Those familiar with the supply chain management industry know that it faces some major efficiency problems — massive amounts of data, siloed information, and inconsistent formatting, to name just a few. In an industry tasked with handling so much data, making any real workflow change seems like a task for only the brave and endlessly patient. But, as Forbes reports, blockchain technology has shown major promise in addressing those long-standing industry challenges.
As new uses for blockchain are introduced into the finance industry, other industries (including supply chain management) are taking note of blockchain’s ability to tackle issues around efficiency, information sharing, and traceability.
Supply chain management involves large, complex data sets — and working with them can be unwieldy. Smart contracts are pieces of code that operate on a block of blockchain and automate actions once specified conditions are met. Blockchain could allow the creation of tamper-proof smart contracts and the automation of everything from shipping notifications to inventory management.
But implementing blockchain does not come without its own set of difficulties. Apart from regulatory issues and other external factors, the path to increased efficiency often includes a transition period as employees grow accustomed to working with the new technology. Forbes advises that companies implementing blockchain start small and expand from there.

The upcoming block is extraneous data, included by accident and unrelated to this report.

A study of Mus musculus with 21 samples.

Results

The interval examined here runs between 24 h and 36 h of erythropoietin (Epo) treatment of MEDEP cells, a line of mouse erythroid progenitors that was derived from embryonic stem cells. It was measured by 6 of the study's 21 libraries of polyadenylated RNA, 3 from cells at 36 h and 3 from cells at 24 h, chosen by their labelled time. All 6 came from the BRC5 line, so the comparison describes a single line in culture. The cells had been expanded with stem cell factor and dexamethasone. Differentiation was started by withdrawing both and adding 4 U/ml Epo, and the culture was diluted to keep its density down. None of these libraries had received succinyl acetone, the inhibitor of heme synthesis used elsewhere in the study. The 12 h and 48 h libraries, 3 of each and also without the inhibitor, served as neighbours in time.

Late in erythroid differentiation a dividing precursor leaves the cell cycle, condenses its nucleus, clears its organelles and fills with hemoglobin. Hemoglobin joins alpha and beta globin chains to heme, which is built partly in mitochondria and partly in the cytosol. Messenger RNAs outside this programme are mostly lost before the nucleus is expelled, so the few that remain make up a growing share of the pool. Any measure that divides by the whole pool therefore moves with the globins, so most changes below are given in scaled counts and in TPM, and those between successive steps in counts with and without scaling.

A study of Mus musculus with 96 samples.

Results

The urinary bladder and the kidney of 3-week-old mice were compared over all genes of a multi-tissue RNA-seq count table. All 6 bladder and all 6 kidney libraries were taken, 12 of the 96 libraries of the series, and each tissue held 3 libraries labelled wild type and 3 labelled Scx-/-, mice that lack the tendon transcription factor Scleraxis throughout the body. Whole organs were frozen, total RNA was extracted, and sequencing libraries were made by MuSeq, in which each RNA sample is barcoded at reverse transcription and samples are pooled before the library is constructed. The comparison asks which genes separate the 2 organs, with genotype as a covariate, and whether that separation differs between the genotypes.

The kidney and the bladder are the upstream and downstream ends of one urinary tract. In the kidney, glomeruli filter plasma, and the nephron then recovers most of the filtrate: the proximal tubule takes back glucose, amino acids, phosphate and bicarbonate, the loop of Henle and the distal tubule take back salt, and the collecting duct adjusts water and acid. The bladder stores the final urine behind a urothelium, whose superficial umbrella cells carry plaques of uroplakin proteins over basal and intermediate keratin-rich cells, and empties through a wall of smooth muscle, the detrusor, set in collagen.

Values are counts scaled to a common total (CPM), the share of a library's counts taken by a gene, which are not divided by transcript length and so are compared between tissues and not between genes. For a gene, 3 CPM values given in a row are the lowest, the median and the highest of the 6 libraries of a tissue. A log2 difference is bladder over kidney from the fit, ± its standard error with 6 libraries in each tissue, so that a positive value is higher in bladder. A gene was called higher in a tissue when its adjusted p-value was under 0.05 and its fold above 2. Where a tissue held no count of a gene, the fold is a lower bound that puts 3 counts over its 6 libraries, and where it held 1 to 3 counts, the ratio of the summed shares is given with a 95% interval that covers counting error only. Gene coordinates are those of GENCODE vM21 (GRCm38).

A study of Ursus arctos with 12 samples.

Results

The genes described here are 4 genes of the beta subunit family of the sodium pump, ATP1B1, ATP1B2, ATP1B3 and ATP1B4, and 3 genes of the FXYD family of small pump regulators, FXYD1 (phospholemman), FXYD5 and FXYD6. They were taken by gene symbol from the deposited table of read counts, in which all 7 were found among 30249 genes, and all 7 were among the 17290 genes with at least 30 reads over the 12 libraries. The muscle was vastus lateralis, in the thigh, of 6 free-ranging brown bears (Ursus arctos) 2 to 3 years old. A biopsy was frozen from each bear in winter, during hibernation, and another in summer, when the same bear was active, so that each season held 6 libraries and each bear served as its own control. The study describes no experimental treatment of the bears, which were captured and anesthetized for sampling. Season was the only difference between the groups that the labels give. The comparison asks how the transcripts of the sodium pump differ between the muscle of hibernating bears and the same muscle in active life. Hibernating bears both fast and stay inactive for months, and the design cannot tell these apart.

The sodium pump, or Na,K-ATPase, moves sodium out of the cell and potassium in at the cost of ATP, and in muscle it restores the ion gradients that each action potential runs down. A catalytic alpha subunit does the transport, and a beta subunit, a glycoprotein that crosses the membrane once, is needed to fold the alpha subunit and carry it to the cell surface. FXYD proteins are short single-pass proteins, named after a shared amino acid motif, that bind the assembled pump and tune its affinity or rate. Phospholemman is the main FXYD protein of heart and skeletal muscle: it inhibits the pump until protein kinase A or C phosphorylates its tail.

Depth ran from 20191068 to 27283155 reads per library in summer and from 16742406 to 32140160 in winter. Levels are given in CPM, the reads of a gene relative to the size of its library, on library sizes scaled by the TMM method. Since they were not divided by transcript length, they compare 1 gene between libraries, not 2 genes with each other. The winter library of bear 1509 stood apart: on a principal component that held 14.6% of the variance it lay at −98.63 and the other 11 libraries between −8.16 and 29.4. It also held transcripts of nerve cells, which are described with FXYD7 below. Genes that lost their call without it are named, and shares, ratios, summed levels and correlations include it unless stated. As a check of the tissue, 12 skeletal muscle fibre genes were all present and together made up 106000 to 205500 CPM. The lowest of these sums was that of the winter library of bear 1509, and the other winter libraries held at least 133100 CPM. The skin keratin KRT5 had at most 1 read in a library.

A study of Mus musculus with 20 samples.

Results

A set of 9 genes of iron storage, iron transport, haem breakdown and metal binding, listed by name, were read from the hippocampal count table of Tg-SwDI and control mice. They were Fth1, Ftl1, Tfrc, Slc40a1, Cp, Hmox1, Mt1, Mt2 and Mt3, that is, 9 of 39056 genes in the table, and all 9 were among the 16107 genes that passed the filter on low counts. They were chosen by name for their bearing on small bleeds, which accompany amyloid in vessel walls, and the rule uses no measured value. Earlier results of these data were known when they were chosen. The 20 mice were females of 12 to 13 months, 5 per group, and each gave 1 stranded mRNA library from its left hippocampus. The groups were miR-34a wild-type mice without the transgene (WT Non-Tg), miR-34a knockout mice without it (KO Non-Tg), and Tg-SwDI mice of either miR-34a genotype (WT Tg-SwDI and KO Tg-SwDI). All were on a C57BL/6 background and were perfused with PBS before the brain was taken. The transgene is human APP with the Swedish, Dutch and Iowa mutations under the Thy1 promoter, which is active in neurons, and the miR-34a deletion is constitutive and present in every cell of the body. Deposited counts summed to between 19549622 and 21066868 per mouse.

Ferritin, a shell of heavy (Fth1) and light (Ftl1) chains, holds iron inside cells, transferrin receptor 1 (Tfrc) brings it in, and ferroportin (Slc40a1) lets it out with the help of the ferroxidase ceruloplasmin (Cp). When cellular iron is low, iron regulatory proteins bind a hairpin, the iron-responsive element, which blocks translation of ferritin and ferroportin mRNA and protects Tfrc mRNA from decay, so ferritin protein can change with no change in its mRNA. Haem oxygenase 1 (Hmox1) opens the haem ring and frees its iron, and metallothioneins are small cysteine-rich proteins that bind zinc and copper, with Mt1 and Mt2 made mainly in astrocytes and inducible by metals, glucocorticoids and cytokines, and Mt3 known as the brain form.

In any industry, siloed information can be an efficiency drain. But within supply chain management, siloed information can also expose an organization to risk of tampering. Blockchain makes it easier for the right people to access the right data and helps protect the flow of information from those who shouldn’t have access.
Blockchain technology allows the information at each step of the supply chain to be logged into a secure public database, which no one can modify without it becoming immediately apparent. If something does go wrong, discovering when and where it happened is easy. The transparency of the process also benefits customers, and farmers can have information and visibility on where their product ends up.
Blockchain isn’t a blanket solution for all problems in supply chain management. For one, blockchain solutions need scale and a large group of active users. The network effect can impact blockchain applications, especially since so many different entities are involved. And in order for blockchain to be useful, a company also needs agreed-upon standards and technical talent to keep the blockchain running smoothly.
Despite the challenges, though, the solutions that blockchain can provide — decentralization, transparency, and traceability — are worth investing in. Problems that used to seem impossible to solve can now be addressed systematically across a wide range of industries. From pharmaceuticals to finance to consumer packaged goods, lots of organizations can benefit from the security and efficiency of blockchain solutions.